Praying for a good season

By Amy Carter

You won't find many atheists aboard tractors or trawlers.

Faith is as integral to making a successful - or even passable - living at farming and fishing as sufficient water, good soil, warm sunshine, strong seeds, reliable hands, efficient machines, fair winds and following seas.

For the better part of a century, shrimpers in Brunswick have started their season with an appeal to God for bounty and safe passage. The 83rd annual Blessing of the Fleet scheduled for May 8 on the East River will continue a tradition begun by Portuguese immigrants who settled on Georgia's coast in the early 20th century.

Before they arrived, locals had little regard for shrimp.

"My Daddy was born in 1912 and he used to catch them with set nets and figured they were just some kind of bug," said Stewart Sadler, a lifelong shrimper.

Most locals used them for bait, said Matthew Hill, director of the Brunswick Downtown Development Authority, which oversees planning for the Blessing of the Fleet and its associated festival.

"When the Portuguese came to Brunswick, their culture was that the sea provides a lot, so I think the shrimp were kind of overlooked until they came because they were familiar with prawns and things from Europe," Hill said.

Prawns are similar to shrimp but live in fresh or brackish water. Shrimp live in saltwater. Both are crustaceans (shellfish).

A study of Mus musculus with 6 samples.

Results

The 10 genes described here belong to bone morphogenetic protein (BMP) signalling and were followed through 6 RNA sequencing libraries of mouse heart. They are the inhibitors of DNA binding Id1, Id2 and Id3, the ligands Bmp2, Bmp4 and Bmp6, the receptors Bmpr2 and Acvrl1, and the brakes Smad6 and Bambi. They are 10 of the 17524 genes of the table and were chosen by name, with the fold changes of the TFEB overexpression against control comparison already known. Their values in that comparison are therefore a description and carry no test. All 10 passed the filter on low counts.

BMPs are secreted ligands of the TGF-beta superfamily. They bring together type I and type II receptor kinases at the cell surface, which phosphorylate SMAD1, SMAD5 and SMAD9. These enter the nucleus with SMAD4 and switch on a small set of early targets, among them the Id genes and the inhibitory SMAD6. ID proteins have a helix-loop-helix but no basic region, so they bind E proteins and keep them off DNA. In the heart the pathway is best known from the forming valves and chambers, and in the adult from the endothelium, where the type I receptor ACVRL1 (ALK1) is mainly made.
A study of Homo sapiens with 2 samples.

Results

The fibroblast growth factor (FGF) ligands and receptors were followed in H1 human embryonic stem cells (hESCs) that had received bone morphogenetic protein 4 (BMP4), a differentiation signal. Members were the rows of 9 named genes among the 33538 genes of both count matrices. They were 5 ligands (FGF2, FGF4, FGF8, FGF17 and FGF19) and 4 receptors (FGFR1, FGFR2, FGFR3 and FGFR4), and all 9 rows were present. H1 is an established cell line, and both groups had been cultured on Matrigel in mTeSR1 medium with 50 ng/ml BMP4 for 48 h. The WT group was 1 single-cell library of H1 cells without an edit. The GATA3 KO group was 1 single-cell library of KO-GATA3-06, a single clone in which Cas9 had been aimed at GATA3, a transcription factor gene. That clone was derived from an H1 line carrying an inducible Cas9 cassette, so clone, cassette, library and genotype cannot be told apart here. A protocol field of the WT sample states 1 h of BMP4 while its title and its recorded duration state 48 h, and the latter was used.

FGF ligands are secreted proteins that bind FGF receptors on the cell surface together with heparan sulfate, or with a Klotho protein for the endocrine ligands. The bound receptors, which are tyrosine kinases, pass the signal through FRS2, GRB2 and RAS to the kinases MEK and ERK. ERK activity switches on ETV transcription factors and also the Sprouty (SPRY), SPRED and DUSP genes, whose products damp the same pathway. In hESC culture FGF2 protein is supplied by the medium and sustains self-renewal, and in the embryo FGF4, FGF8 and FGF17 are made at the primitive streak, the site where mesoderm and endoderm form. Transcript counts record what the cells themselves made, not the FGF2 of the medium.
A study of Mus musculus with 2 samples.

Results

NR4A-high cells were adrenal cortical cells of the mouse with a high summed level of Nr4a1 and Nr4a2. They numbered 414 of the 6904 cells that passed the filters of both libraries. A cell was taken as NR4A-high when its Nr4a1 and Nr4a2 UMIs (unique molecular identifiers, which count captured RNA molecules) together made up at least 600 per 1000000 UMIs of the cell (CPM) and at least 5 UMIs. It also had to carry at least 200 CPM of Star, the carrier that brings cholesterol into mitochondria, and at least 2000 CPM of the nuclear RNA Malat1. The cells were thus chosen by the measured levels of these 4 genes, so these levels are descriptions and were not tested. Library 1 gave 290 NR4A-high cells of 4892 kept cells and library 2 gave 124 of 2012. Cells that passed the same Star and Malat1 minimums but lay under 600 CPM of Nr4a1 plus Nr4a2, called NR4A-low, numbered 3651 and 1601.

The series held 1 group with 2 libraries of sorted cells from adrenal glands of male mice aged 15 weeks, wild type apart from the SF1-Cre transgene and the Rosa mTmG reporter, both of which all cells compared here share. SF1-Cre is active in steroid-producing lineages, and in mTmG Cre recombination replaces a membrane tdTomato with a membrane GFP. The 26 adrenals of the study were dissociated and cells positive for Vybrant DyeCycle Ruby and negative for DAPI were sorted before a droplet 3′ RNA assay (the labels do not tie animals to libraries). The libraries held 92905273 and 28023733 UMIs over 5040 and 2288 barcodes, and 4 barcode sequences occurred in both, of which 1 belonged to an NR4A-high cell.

Portuguese fishermen would often cook their catch right on the dock, which introduced flavorful wild-caught Georgia shrimp to the community at large. Their annual Blessing of the Fleet ceremony also contributed to locals' familiarity with the catch.

Drawing on their Catholic faith, Portuguese fishermen would ask the parish priest to bless their boats every year. Brunswick's blessing ceremony - said to be the oldest in the nation - was built around the observance of the Procession of Our Lady of Fatima. Since Mother's Day 1938, parishioners from St. Francis Xavier Catholic Church have carried a hand-carved Brazilian Oak statue of the Virgin Mary - adorned with a crown of gold and precious stones - around Hanover Square downtown to commemorate Mary's appearance to three children near Fatima, Portugal, on May 13, 1917.

The procession still occurs on Mother's Day every year, but the Blessing of the Fleet has been moved to the Saturday before, Hill said. An attendant festival featuring food, live music, and arts and crafts, has been added back this year, as well.